See yourself perhaps many decades from now, a barely-breathing shell. One final flicker of animation in the physical medium of your mind before you pass to the next world. What will that last vision be for you? No one can say, but it might not necessarily be a replaying of the greatest parts of your life. Instead, it might simply be an ordinary moment when you were young and full of expectations.
For me, it might well be the those crazy years at twenty through twenty-two and the long drives I took, particularly the ones I endeavored upon alone. On one of those solo drives in 1991, I was traveling from Cincinnati, back home to the Baltimore-Washington region and I took eastbound State Route 32 through southern Ohio. I didn’t know what to expect when planning my drive home on the Rand McNally atlas, but I was pleasantly surprised to see the wide-open rural landscapes along the rolling foothills of the Appalachian Mountains.
That’s my experience in Ohio, aside from much-later visits to the Cleveland area. On that drive in ’91, I stopped for a meal at a franchise restaurant in a town called Athens. Small-time money was a big deal at that age, when you’re a college dropout working low-wage jobs. You had to keep an eye on your wad of cash to be sure that there’s enough left for fuel. I looked up that location on Google Streetview a few years ago, it was there. No one working there now, if that place is still in business, has any reason to know who I am or how important that place is to me in nostalgia value for reasons that do not make any sense. I hope it’s still cool [White] American teenagers working there, like thirty years ago.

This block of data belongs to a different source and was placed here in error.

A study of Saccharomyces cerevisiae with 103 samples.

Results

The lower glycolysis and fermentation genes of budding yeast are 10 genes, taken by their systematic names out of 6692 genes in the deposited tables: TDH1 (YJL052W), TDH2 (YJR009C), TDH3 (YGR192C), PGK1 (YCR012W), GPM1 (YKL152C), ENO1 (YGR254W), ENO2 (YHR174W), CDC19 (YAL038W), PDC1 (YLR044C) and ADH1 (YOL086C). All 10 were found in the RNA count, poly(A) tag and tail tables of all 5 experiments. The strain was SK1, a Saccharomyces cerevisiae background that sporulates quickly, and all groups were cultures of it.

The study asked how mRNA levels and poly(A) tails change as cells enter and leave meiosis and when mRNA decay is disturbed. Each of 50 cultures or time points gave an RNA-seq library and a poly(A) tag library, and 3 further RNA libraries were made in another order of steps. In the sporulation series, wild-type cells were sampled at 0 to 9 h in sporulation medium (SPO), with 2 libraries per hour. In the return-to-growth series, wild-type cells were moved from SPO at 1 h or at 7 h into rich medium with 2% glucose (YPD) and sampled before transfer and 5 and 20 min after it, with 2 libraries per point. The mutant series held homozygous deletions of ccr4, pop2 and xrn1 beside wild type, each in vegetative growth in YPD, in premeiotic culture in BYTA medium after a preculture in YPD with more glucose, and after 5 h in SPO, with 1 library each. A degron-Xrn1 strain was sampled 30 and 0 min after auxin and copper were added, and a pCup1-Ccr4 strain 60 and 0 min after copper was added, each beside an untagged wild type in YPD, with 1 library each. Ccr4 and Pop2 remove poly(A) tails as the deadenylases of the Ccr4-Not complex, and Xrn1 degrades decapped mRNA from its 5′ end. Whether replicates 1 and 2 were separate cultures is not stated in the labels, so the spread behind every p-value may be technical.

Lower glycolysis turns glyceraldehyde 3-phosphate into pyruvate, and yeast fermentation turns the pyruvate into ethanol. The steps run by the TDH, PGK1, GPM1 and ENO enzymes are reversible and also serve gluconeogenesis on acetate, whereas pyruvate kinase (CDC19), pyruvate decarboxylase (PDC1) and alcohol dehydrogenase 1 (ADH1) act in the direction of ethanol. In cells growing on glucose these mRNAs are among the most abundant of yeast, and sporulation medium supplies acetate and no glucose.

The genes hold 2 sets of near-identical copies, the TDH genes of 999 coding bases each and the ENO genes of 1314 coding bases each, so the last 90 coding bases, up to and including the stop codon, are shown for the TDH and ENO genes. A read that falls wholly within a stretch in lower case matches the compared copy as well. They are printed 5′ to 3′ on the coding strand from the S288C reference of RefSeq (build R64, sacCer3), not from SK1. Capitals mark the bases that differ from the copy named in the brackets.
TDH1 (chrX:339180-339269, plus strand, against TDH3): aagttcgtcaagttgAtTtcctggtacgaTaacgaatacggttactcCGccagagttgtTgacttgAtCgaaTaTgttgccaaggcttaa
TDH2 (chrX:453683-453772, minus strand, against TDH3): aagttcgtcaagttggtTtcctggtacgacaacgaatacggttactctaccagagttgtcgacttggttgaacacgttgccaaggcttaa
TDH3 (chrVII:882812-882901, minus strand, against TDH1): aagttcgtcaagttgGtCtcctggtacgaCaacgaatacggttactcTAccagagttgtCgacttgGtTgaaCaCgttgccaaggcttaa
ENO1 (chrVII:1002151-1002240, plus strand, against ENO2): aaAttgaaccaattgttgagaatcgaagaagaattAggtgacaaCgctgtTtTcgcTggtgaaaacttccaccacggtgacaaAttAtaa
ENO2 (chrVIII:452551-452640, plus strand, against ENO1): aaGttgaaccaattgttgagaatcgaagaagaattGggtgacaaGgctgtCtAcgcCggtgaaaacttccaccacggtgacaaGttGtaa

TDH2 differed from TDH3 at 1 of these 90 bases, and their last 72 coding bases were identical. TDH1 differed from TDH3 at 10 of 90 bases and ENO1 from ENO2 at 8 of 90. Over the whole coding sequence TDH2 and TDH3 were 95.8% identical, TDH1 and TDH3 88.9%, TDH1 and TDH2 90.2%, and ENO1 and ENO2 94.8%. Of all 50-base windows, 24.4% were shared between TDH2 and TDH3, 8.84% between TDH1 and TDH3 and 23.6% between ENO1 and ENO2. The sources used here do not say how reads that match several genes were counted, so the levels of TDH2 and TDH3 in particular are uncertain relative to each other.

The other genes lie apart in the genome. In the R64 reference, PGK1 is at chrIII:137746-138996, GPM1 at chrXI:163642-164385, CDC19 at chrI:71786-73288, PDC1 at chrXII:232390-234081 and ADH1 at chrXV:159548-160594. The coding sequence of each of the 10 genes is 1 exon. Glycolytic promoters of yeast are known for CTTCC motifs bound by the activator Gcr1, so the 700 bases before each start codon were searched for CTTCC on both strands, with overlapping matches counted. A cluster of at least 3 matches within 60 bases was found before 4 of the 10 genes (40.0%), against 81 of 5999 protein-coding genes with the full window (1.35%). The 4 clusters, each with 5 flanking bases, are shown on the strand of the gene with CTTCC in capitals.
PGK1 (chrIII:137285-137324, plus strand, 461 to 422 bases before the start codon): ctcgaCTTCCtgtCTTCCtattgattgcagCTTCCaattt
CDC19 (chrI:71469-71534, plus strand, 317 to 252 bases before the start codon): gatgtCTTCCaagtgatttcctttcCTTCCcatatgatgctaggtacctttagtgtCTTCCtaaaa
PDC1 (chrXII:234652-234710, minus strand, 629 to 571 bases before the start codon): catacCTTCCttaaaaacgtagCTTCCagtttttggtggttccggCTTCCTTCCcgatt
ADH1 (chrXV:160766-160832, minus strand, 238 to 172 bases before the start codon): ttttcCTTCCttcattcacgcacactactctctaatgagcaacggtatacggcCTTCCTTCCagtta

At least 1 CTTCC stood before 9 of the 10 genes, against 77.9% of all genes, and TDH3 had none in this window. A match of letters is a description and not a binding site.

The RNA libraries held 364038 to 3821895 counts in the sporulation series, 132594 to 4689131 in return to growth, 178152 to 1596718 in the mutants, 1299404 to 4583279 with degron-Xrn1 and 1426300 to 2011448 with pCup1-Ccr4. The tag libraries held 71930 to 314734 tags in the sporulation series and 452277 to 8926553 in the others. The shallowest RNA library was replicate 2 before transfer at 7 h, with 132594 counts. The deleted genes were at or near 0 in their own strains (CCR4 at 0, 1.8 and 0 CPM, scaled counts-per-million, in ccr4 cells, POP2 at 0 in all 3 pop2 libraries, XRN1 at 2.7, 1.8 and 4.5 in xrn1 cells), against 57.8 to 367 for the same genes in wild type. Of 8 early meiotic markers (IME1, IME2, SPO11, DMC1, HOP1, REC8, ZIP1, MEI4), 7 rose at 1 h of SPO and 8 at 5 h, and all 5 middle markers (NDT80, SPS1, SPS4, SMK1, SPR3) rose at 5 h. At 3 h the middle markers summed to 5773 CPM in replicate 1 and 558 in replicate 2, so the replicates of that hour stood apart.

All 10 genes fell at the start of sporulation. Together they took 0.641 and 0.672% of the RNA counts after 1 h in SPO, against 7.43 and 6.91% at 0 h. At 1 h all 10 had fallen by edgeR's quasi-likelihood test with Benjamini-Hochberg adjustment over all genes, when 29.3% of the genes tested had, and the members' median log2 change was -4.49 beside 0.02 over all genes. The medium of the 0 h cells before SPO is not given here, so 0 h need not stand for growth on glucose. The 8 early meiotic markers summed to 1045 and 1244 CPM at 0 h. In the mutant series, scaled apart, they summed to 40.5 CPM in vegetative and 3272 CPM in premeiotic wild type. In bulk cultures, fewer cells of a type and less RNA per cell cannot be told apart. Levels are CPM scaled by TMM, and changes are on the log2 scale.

Anyway, that was a segue to a 2012 video that features a group of older kids and teens in Ohio covering Dream Theater’s “Pull Me Under,” one of the greatest obscure rock songs. They are talented, outstanding skill with their instruments. The video is well made too, explicating the anatomy of the song. The star of the show, going by the comments under the video, is the eleven-year-old vocalist Kala. One woman writes, and this is a top comment:
“I’m 31 years old and I want to be this girl when I grow up.”
I am in agreement as to Kala’s talent and awed by every musician performing in this studio setting eight years ago:
The arc of life, young edition. One can peak early in life, with regards to developing one’s talent. Sometimes that’s perfectly fine. Many good high school athletes move on to other things after they grow up. But this young lady knows that she has a gift. High school-aged three years ago, she performed the U.S. National Anthem at a baseball game in Cincinnati:
Commenters unanimously applaud the respect she shows for her own heritage:
“And this, ladies and gentlemen, is how you sing the national anthem. No voice inflection, no tone changes, no high note on ‘free’. THANK YOU!”
“This was perfect. You gave the song the respect that it deserves. You didn’t try to show off yourself, You showed a love for your Flag and Country that was beautiful. I’m proud of you. Great job.”
“Thank you for singing it right! You didn’t add your own flare in there like all the dumb celebrities who sing it. You sung it right. Great job!”
Now in 2019, she’s a young adult and a captivating musician. She fronts a band called Saving Escape. That signature vocal quality and that showmanship she’s got as a kid in that first video is definitely there now. Excellent original music:
[Here is the studio version of the song.]
I don’t know this young woman or the band, I just discovered them because I was originally interested in covers of “Pull Me Under.” There is so much talent, and so much inexhaustible beauty wherever our people are, especially in the heartland. The protective instinct is powerful when mobilized by historic developments.